A photo of a Novartis Inc. corporate facility
… Novartis Continues To Transform Its Global Pharmaceutical Enterprise …


Covets global market potential of LDL agent “Inclisiran”

John G. Baresky

  • Novartis invests $9.7 billion to acquire The Medicines Company
  • A primary driver of the deal is “Inclisiran”, a yet to be approved cholesterol pharmaceutical agent
  • In the last 14 years, Novartis has executed 6 multi-billion acquisitions ranging from $2.6 billion to approximately $60 billion each

Novartis (NYSE: NVS) has announced it is acquiring cardiovascular therapy-focused The Medicines Company (NASDAQ: MDCO) for $9.7 billion. Novartis, based in Basel, Switzerland covets The Medicine Company’s “Inclisiran” agent; a small interfering RNA (siRNA) proprotein convertase subtilisin-kexin type 9(PCSK9)compound ( the first and only in its class) being evaluated for its promising ability to lower low-density lipoprotein (LDL) cholesterol (also known as LDL-C or “bad cholesterol”).

It is not on the market yet but after completing its 3 clinical trials, it appears to be well-positioned for approval by the regulator. Inclisiran is expected to have a favorable administration schedule of just 2 doses (by injection) annually.

After successful completion of 2 previous trials, fingers were crossed for the third Inclisiran trial to generate positive results which it did. The study achieved its critical primary endpoints; the percentage change of LDL cholesterol from baseline after 17 months of treatment and time-adjusted percentage change of LDL cholesterol from baseline after three months and 18 months.

Secondary endpoints were also reached; the mean absolute change in LDL cholesterol at 17 months, the average absolute reduction in cholesterol between three months and 18 months and changes in other lipids and lipoproteins. Based on these and other details, including Inclisiran’s ability to reduce LDL cholesterol levels by 56% and demonstrate a good safety profile, Novartis was confident enough to wager almost $10 billion for Inclisiran even before any regulators starting with the U.S. and Europe approved it.

There is a variety of brand and generic pharmaceutical therapies currently in the cholesterol treatment marketplaces. Clinicians have been dispensing several of them for two decades or more. With the exceptions of Livalo and Praluent, each of these products are now available through generic pharmaceutical product manufacturers:

  • Atorvastatin (Lipitor — Pfizer)
  • Ezetimibe (Zetia — Merck)
  • Fluvastatin (Lescol — Novartis)
  • Lovastatin (Mevacor — Merck)
  • Pitavastatin (Livalo — Kowa |no generic)
  • Alirocumab (Praluent — Sanofi / Regeneron | no generic)
  • Pravastatin (Pravachol — Bristol Myers Squibb)
  • Rosuvastatin calcium (Crestor — AstraZeneca)
  • Simvastatin (Zocor — Merck)

Novartis is a Fortune 500 company currently ranked at 201. It generates approximately $52 billion in annual sales and employs over 125,000 workers. Its top ten products each generate over $1 billion annually in sales:

  • Affinitor/Votubia (palbociclib)
  • Cosentyx (secukinumab)
  • Galvus (vildagliptin)
  • Gilenya (fingolimod)
  • Gleevec (imatinib)
  • Lucentis (ranibizumab)
  • Promacta/Revolade (eltrombopag)
  • Sandostatin (ocretride acetate)
  • Tafinlar w/Meknist (dabrafenib + trametinib)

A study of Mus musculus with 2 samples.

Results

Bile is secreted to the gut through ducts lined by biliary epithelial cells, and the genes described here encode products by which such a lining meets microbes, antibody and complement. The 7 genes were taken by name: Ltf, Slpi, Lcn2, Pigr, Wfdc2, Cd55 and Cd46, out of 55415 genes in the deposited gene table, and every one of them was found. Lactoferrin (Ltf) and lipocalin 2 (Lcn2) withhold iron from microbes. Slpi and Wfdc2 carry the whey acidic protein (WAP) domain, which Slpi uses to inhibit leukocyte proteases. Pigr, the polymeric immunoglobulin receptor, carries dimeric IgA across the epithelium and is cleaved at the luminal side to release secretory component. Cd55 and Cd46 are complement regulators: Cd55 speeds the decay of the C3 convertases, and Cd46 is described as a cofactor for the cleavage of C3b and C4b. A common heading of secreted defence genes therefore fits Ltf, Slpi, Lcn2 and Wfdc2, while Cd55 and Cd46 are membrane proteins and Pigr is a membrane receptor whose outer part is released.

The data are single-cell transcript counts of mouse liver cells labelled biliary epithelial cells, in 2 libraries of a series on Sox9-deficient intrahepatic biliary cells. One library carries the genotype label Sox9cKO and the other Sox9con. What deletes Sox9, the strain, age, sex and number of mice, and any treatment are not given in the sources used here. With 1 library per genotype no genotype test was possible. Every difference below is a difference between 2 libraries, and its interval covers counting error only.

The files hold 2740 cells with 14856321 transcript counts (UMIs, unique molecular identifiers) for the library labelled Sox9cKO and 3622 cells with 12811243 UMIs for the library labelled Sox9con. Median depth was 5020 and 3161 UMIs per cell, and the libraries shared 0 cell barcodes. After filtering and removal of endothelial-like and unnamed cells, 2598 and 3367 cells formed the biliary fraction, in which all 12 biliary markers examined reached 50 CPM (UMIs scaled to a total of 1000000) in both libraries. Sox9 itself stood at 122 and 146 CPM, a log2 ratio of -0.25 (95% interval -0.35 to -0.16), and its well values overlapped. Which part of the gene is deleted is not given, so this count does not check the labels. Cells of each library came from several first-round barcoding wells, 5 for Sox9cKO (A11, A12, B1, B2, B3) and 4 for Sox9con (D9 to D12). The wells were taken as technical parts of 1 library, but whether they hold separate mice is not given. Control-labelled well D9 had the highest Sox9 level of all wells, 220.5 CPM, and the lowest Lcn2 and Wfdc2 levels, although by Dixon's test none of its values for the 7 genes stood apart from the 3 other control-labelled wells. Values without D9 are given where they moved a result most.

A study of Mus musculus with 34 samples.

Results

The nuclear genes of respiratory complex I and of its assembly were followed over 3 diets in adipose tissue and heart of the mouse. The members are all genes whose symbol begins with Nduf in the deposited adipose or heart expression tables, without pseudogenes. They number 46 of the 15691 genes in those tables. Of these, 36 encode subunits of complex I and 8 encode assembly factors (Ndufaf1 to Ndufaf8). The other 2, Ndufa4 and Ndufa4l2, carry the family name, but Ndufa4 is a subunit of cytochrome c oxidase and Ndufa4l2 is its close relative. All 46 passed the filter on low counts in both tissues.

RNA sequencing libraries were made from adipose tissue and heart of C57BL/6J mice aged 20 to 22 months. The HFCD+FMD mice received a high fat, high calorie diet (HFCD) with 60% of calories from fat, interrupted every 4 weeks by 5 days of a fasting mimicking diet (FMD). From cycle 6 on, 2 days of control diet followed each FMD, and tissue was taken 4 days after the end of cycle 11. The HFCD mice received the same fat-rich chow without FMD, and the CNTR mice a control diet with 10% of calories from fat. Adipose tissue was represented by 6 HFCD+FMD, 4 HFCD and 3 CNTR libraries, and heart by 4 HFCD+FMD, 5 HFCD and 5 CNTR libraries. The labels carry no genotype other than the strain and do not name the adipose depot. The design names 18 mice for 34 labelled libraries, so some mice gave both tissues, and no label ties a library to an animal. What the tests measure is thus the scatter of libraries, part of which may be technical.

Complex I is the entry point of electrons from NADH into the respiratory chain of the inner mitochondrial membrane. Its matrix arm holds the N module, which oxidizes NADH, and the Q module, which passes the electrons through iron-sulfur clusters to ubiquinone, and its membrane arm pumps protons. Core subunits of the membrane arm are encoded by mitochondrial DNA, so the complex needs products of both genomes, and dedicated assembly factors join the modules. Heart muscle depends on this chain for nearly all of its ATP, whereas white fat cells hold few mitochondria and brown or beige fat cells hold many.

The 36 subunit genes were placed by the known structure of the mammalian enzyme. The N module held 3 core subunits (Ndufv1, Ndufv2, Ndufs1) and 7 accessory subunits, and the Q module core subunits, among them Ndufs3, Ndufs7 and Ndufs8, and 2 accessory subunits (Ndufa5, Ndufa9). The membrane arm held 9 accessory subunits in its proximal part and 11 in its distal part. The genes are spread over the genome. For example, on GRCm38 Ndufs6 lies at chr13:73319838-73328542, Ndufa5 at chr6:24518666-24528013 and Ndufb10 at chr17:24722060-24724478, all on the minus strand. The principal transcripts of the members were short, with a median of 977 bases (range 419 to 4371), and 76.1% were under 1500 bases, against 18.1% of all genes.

• Tasigna (nilotinib)

The Medicines Company is a clinical development company with a strategy centered on researching compounds that have fallen short of expectations and not able to meet approval standards by the Food and Drug Administration and other regulators in earlier commercial product development ventures.

They revisit the data and assess options to refine certain product attributes as well as clinical trial designs and related approval trial processes to determine if a product can be reinvestigated, entered into clinical trials once again and perhaps be approved.

Novartis (formed from the merger of Ciba-Geigy and Sandoz) with a market capitalization of approximately $207 billion and The Medicines Company were both founded in 1996. Novartis has two primary business units:

  • Innovative Medicines (which will house Inclisiran if it is approved)
  • Sandoz (Sandoz manufactures generic and biosimilar or biogeneric products)

Novartis has been assertively working on transforming their organization into a pure pharmaceutical/biotech company. As part of the process in 2018, it sold off its 36.5% stake in a consumer health product joint venture to their partner, GSK, for $13 billion.

In another major asset divestiture exercise, during May 2019 Novartis spun off its blue-chip vision care unit, Alcon, comprised of consumer product brand, prescription drug and contact lens product franchises, into a fully independent company (NYSE and SXC: ALC). Based in Fort Worth, Texas, Alcon’s market capitalization is $28 billion.

Oddly, Novartis had just acquired Xiidra, an eye care drug from Takeda earlier in May for $3.4 billion. Xiidra was not part of the Alcon spinoff product portfolio. Xiidra generates about $400 million in annual sales.

Mergers and acquisitions are almost routine in the healthcare industry. Novartis is well versed in the exercise. Some of their largest deals include:

  • In 2018 Novartis made two acquisitions; AveXis for $8.7 billion and Endocyte for $2.1 billion
  • Genzyme was bought by Novartis for $21 billion in 2011
  • In 2008, Novartis began acquiring Alcon from Nestle for almost $60 billion in two separate transactions
  • Chiron was purchased by Novartis in 2006 for $5.1 billion
  • Novartis bought Hexal AG for $8.3 billion in 2005

Novartis doesn’t shy away from transforming its global enterprise through acquisitions or making divestitures. Moving forward, they have made a sizable investment to acquire The Medicines Company and its Inclisiran cholesterol treatment agent; the drug’s approval will be highly anticipated by investors and medical professionals.